A few weeks ago, I blogged HERE about roasting some Sugar Pumpkins. I mentioned saving the seeds because we were going to roast them.
Well, here is how we did it:
First, take your seeds (above) and remember when saving them, try to remove as much pulp by hand as possible. Then put them in a bowl of water and the seeds will float and the pulp will mostly be under them.
Put them in a strainer and run water under them for one last cleaning, they are slippery don't lose any.
Put them in a pot of water, with enough water to cover them. Now you want to salt the water. We used 1 TBSP per 2 cups of seeds. It sounds like a lot but don't worry, it's not.
Just bring them to a boil and allow to boil in the salted water for about 10 minutes. Take them off the heat and drain them, you can use the same strainer as when you rinsed them off.
Spread out on a baking sheet and dab with paper towels to get them as dry as possible. Preheat your oven to 400 degrees. You can, at this point, drizzle with olive oil or butter if desired. We left ours plain for this first go round.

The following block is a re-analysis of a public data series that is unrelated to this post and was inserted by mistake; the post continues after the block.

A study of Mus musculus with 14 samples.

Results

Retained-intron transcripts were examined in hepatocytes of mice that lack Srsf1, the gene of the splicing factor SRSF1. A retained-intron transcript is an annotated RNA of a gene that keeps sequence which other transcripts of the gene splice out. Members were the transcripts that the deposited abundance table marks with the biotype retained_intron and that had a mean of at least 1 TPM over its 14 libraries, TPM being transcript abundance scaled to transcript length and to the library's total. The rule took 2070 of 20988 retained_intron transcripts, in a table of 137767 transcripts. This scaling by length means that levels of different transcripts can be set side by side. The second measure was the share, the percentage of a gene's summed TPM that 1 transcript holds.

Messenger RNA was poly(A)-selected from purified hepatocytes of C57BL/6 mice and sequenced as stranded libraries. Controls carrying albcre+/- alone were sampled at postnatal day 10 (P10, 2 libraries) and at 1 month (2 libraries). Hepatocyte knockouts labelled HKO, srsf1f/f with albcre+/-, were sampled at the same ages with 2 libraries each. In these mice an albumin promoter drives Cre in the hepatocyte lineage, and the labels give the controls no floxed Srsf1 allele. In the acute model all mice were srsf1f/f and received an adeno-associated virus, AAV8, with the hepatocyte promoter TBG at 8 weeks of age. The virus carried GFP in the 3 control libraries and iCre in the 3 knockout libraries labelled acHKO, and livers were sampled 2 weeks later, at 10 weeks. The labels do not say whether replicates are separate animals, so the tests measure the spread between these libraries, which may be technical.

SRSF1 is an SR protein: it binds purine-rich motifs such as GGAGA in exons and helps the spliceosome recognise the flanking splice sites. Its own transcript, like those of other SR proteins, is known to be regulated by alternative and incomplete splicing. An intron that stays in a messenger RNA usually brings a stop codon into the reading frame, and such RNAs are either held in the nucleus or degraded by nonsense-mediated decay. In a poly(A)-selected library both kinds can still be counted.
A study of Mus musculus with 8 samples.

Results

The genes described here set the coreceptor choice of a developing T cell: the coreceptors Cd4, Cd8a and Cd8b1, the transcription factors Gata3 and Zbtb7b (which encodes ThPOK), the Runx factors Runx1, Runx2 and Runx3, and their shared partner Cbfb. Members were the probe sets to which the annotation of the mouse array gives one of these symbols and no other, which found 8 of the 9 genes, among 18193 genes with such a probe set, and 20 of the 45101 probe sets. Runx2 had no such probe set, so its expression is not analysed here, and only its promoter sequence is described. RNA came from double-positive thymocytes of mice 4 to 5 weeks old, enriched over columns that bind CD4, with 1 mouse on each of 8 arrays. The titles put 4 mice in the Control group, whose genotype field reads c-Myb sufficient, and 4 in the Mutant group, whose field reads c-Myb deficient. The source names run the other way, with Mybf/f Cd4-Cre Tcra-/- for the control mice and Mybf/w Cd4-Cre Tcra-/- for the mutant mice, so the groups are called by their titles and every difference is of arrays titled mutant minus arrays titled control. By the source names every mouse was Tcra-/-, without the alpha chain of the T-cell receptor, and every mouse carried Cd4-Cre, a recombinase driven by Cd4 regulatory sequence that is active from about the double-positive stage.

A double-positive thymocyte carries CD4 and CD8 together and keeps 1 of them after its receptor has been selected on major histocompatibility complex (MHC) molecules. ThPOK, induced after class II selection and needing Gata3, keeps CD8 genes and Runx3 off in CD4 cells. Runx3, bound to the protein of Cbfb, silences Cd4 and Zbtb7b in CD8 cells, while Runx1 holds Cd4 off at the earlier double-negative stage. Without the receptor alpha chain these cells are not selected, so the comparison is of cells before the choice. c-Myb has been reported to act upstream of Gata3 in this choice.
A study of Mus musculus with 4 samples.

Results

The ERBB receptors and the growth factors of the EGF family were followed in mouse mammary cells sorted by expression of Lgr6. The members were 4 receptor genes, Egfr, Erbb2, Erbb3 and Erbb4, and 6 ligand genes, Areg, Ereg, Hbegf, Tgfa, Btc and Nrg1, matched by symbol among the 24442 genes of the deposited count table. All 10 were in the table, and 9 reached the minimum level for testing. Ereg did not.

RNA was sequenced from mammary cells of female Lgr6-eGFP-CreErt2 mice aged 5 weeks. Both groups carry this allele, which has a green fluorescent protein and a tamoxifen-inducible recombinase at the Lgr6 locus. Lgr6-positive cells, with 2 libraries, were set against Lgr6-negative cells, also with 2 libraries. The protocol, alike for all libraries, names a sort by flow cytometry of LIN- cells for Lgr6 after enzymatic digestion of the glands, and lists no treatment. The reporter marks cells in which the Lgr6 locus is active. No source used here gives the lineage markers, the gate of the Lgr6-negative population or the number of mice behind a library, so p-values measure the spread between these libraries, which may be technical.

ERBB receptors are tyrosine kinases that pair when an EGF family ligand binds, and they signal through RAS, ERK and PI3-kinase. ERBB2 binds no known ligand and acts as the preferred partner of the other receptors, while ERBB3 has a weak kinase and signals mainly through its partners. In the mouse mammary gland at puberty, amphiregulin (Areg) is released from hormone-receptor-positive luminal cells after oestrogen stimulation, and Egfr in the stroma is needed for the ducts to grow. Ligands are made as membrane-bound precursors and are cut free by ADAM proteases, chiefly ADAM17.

Roast for about 20 minutes but you must do it in stages. We roasted them for 10 minutes and they looked like this...
We tossed them around in the pan and put them in for another 5 minutes...
Then we tossed them around again and put them in for 5 more minutes...
This was what they looked like after 20 minutes, toasted and crispy. Feel free to sample them, that's the best way to know when they are done. You want them crispy, not chewy. Since all ovens are different it could be 15-30 minutes. Just test and watch them.
Remove from oven and sprinkle with a bit more salt, you want some on the outside just for taste. You could also take this time to season with chili powder, pepper, cinnamon/sugar or whatever seasoning you prefer.
|Roasted Pumpkin Seeds|
And that's it. Really couldn't be easier and they are so yummy and crunchy. We used them for a couple of weeks (kept in a sealed container), a handful here and there, we added them to some salads for a crunchy topping.
UPDATE: Based on comments and questions, I thought I'd add to this post so that anyone stopping by on a Google search will have more info.
Boiling in water? This is the first method I learned and the only one I've done. They can be roasted without this step of course, just cleaned and dried. The purpose of the boiling, salted water is to get some flavor inside the shell and it does make them flavorful.
Eat whole or open? Unlike sunflower seeds, these can be eaten whole. But like sunflower seeds, they can also be cracked open with your teeth (easy way,ha) and you can eat the smaller seed inside. But again, these are most normally just eaten whole. They need to be crispy so that you chew them up.